Glimpses of Israel - Nimrod

by Joseph Hunting

In Israel there is always some spot to captivate our interest. Indeed, it would be difficult to find a more concentrated area to delve into ancient history. Some of Israel's more recent history is revealed in the massive masonry used by the Crusaders to build their castles through the length and breadth of the land.

The extent of Crusader influence throughout the Palestine of their day is revealed by the number of Crusader castles that extended from the Red Sea in the south to the foothills of Mount Hermon in the north.

The fortress-like castle of Nimrod is the most northerly and commands a magnificent view of Mt. Hermon and the fertile Huleh Valley. In their day these battlements would have been well-nigh impregnable. If it had not been for the earthquakes over the centuries many of the massive walls would still be standing.

I first explored Nimrod in 1972 and marvelled at the existing masonry. Apart from their fighting qualities, the Crusaders brought with them building skills that are still admired all over Israel. In choosing Nimrod to guard the northern approaches to the Holy Land, they could not have picked a more strategic location. From 1949 to 1967 it had served as a Syrian observation post for the artillery that constantly shelled the Israeli settlements below.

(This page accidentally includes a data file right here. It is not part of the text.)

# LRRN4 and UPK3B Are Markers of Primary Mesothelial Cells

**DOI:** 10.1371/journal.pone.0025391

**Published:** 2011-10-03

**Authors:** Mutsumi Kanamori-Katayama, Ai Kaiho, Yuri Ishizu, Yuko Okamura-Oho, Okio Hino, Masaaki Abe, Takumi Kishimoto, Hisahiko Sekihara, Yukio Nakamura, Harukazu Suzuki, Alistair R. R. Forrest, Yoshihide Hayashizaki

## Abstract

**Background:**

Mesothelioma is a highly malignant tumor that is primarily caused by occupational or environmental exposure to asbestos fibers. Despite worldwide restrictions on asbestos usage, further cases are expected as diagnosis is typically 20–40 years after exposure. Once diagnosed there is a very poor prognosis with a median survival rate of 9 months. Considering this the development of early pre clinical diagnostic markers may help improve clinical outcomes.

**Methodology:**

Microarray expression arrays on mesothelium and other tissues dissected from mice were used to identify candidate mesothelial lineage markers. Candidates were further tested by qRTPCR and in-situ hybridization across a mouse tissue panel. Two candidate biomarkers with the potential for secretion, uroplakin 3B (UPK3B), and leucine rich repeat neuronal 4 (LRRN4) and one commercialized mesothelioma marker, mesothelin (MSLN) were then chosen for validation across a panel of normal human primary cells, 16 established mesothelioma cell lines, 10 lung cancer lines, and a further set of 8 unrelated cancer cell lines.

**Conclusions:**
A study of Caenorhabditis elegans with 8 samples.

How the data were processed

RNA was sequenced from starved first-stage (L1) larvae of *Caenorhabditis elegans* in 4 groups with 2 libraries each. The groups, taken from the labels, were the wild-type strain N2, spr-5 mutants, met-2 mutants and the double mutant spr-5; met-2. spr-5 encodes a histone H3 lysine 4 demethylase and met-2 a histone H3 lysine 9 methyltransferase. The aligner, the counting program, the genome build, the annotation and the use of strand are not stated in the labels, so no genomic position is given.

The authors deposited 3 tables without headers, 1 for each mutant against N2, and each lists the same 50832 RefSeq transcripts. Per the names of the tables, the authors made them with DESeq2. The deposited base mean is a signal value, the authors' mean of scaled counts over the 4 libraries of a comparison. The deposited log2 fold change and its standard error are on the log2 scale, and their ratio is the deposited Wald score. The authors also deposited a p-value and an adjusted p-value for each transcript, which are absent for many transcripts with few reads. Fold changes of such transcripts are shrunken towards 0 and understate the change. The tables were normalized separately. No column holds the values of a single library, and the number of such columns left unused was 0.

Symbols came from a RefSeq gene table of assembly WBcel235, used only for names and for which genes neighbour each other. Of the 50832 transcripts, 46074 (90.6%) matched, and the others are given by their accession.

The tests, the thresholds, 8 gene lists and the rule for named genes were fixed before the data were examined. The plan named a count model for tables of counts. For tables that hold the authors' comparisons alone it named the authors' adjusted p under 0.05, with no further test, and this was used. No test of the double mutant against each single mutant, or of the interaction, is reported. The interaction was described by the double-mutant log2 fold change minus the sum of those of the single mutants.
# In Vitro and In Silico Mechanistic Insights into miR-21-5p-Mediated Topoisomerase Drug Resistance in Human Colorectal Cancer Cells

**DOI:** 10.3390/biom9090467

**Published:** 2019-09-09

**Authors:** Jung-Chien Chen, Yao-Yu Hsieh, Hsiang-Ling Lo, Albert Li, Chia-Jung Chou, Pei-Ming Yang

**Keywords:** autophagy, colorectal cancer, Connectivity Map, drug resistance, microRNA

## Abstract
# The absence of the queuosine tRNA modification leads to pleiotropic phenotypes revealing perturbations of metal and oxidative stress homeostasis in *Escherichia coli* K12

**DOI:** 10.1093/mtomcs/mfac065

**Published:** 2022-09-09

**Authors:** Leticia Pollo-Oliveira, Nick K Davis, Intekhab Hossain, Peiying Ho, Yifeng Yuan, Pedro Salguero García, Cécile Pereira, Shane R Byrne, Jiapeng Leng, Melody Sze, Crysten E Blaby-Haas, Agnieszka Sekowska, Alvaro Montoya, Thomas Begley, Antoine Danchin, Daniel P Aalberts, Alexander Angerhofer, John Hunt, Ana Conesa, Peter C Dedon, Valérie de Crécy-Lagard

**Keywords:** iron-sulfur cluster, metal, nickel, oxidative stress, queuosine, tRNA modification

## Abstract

The ruins of Nimrod characterize the history of the Holy Land over the centuries. It was primarily a bastion for the preservation of one culture against another. Then it was Crusader versus Saracen. In more recent times it was a tottering Ottoman Empire against Allied forces in 1917. In modern times it is Jew versus his Arab cousin.

Names of locations in Israel sometimes throw light on historical and prophetical backgrounds. Nimrod comes from the Hebrew root, marad, to rebel, and in Genesis 10:8-10 we read that Nimrod the "mighty hunter" (probably of men as well as of wild animals) displayed his power early in the Babel episode and introduced rebellion to God and despotism towards men according to Josephus.